Meeting fellow marathoners is one of the perks to the grueling physical involved in tackling the Tokyo Marathon this Sunday, said several of the 14 runners from Yokosuka Naval Base, including Kyle Rhodus, Joe Sanders, Luke Nelson and Mike Hardebeck, as they spoke about race preparation Wednesday. (Allison Batdorff / S&S)
Meeting fellow marathoners is one of the perks to the grueling physical involved in tackling the Tokyo Marathon this Sunday, said several of the 14 runners from Yokosuka Naval Base, including Kyle Rhodus, Joe Sanders, Luke Nelson and Mike Hardebeck, as they spoke about race preparation Wednesday.
Meeting fellow marathoners is one of the perks to the grueling physical involved in tackling the Tokyo Marathon this Sunday, said several of the 14 runners from Yokosuka Naval Base, including Kyle Rhodus, Joe Sanders, Luke Nelson and Mike Hardebeck, as they spoke about race preparation Wednesday. (Allison Batdorff / S&S)
Once you start talking about marathons, it's only a matter of time before the running shoes come out, said Luke Nelson at Yokosuka Naval Base Wednesday. The 29-year-old Navy spouse is joining 14 base runners in this Sunday's Tokyo Marathon. Nelson has run 10 marathons and four Ironman races and calls them "addictive." He was in the base's indoor triathlon Wednesday.
Once you start talking about marathons, it's only a matter of time before the running shoes come out, said Luke Nelson at Yokosuka Naval Base Wednesday. The 29-year-old Navy spouse is joining 14 base runners in this Sunday's Tokyo Marathon. Nelson has run 10 marathons and four Ironman races and calls them "addictive." He was in the base's indoor triathlon Wednesday. (Allison Batdorff / S&S)

YOKOSUKA NAVAL BASE, Japan — What Joe Sanders calls “therapy,” others call 26.2 miles of grueling torture.

Sanders’s medicine is marathons. The 55-year old Navy spouse has crossed finish lines in more than 100 marathons around the world.

So what advice does this veteran runner give to those tackling Sunday’s Tokyo Marathon?

“Wear a garbage bag to keep the rain off,” Sanders told first-timers Kyle Rhodus and Michael Hardebeck Wednesday at Yokosuka Naval Base. Race day is forecast to be rainy and cold but 14 people from the base can’t wait to pound across one of the world’s largest cities.

Rhodus — Yokosuka’s 33-year-old athletics director — admits marathons aren’t for everyone but he felt compelled this year to check that box on his lifetime to-do list.

“It is an absolute crazy thing to run for four hours straight. Most people don’t even like to drive that far,” Rhodus said. “Maybe that is why I decided to do it, because very few people I know have completed one.”

At least Tokyo’s course is “relatively flat — which is a good thing,” Rhodus added.

The track crisscrosses through the city, passing the Imperial Palace, Hibiya, Shinagawa, Ginza, and Asakusa before the finish line. The 25,000 registered runners were chosen by lottery and the race is larger than the Boston Marathon.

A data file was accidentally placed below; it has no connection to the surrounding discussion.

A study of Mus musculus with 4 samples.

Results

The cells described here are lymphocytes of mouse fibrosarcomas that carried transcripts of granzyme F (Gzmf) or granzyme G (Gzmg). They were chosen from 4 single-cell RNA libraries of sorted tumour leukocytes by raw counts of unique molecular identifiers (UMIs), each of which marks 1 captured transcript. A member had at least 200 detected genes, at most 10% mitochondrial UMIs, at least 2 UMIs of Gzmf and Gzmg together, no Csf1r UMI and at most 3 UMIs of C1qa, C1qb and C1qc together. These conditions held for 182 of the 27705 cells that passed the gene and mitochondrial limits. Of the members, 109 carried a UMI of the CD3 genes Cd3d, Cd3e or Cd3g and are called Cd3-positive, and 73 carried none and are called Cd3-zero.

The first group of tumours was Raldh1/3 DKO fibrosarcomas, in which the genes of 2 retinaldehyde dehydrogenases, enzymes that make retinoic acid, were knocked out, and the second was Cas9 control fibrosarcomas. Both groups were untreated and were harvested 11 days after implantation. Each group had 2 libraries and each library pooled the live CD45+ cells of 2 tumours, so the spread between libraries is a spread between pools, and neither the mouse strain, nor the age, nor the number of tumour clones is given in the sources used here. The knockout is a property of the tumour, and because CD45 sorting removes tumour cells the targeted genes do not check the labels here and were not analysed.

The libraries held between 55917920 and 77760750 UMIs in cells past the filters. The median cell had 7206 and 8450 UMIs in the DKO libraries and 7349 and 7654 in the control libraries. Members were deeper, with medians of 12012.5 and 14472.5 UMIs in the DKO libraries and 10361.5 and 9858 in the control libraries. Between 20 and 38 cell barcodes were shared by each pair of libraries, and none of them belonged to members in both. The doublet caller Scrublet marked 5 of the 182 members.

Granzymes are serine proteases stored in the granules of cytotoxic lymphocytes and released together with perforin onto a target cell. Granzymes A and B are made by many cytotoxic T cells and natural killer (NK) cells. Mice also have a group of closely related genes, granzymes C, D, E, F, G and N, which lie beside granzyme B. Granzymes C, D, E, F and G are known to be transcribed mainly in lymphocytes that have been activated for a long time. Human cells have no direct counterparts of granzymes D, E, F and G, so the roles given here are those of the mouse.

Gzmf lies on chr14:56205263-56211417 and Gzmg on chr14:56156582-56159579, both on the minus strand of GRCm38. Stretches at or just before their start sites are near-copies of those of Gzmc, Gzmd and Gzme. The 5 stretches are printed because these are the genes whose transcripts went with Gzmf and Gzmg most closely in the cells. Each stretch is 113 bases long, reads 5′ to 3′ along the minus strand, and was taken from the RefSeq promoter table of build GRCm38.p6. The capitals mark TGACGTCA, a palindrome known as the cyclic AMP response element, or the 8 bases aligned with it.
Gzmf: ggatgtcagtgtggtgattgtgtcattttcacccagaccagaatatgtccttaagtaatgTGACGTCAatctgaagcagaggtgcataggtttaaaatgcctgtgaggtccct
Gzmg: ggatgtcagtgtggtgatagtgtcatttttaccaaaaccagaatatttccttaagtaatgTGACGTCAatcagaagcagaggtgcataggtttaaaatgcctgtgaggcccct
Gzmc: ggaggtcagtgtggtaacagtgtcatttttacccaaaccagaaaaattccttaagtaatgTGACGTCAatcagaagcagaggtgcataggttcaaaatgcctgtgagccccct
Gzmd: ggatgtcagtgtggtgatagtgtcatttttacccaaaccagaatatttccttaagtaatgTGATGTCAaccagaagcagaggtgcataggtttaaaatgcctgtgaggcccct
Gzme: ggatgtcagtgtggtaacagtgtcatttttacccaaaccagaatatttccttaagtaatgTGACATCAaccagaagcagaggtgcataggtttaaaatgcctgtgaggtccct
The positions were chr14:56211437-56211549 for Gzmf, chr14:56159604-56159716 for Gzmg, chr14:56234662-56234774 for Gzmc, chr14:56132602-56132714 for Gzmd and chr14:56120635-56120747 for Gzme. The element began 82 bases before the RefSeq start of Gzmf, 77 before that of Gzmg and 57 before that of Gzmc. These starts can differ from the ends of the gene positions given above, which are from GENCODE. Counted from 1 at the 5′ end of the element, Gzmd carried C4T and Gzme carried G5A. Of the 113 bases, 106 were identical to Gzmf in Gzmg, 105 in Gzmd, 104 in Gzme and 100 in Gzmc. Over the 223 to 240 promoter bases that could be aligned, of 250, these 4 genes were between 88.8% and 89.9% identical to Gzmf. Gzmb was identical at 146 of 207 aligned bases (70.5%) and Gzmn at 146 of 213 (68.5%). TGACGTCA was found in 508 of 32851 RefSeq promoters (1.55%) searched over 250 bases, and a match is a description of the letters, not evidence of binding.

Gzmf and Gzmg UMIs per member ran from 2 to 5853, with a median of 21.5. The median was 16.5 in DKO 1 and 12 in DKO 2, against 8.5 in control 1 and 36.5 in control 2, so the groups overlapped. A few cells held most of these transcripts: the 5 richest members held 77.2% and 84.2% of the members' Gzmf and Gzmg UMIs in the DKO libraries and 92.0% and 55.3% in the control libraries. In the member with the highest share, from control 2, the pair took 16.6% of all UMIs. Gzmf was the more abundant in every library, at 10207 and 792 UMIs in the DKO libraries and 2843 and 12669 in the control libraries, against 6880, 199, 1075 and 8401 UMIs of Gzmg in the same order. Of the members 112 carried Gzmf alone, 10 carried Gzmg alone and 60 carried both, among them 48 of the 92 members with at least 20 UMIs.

“I wasn’t going to do another marathon but this is Tokyo!” said Capt. Michael Krentz, the 60-year old commanding officer of U.S. Naval Hospital Yokosuka. Sunday will be his third marathon. “I had to do it just for the fun of the experience.”

Fun is a relative term, as each of the 14 runners had to go on a strict training program to prepare for the race. Sacrifices ranged from fried foods to lazy weekends.

Going from “Sunday jogger” to “road warrior,” is no walk in the park, said Hardebeck, a 46–year-old a civilian computer specialist at the Ship Repair Facility.

“There is a huge difference between running for 20 minutes and four hours,” Hardebeck said. His training lasted three months as he wanted to run with his son, James, on their “last adventure” together before James heads to college, Hardeback said.

“James is a cross-country team captain and he will finish about an hour before me,” Hardebeck predicted. “We will start together and hopefully see each other at the finish line.”

The best part of the training so far was meeting the other runners, he added.

Yokosuka’s marathon team formed a network through Morale Welfare and Recreation, said Fitness Programs Coordinator Debbie Deutsch.

“When we started, I wanted to establish a support group for these runners, a team that would help to push each other at times when they felt like giving up,” Deutsch said. Of the initial 18, four dropped out. But while pre-race concerns range from “hitting the wall” to injuries, those going appear set on crossing the finish line.

“I can crawl the last mile if I have to,” said Krentz.

“Once I start, it will take a car to run me over to get me to stop,” Rhodus said.

Besides, finishing isn’t what’s most miraculous about marathons, said 40-year-old Chief Petty Officer Erle Hunter. Quoting Runner’s World columnist John Bingham, he said, “The miracle isn’t that I finished. The miracle is that I had the courage to start.”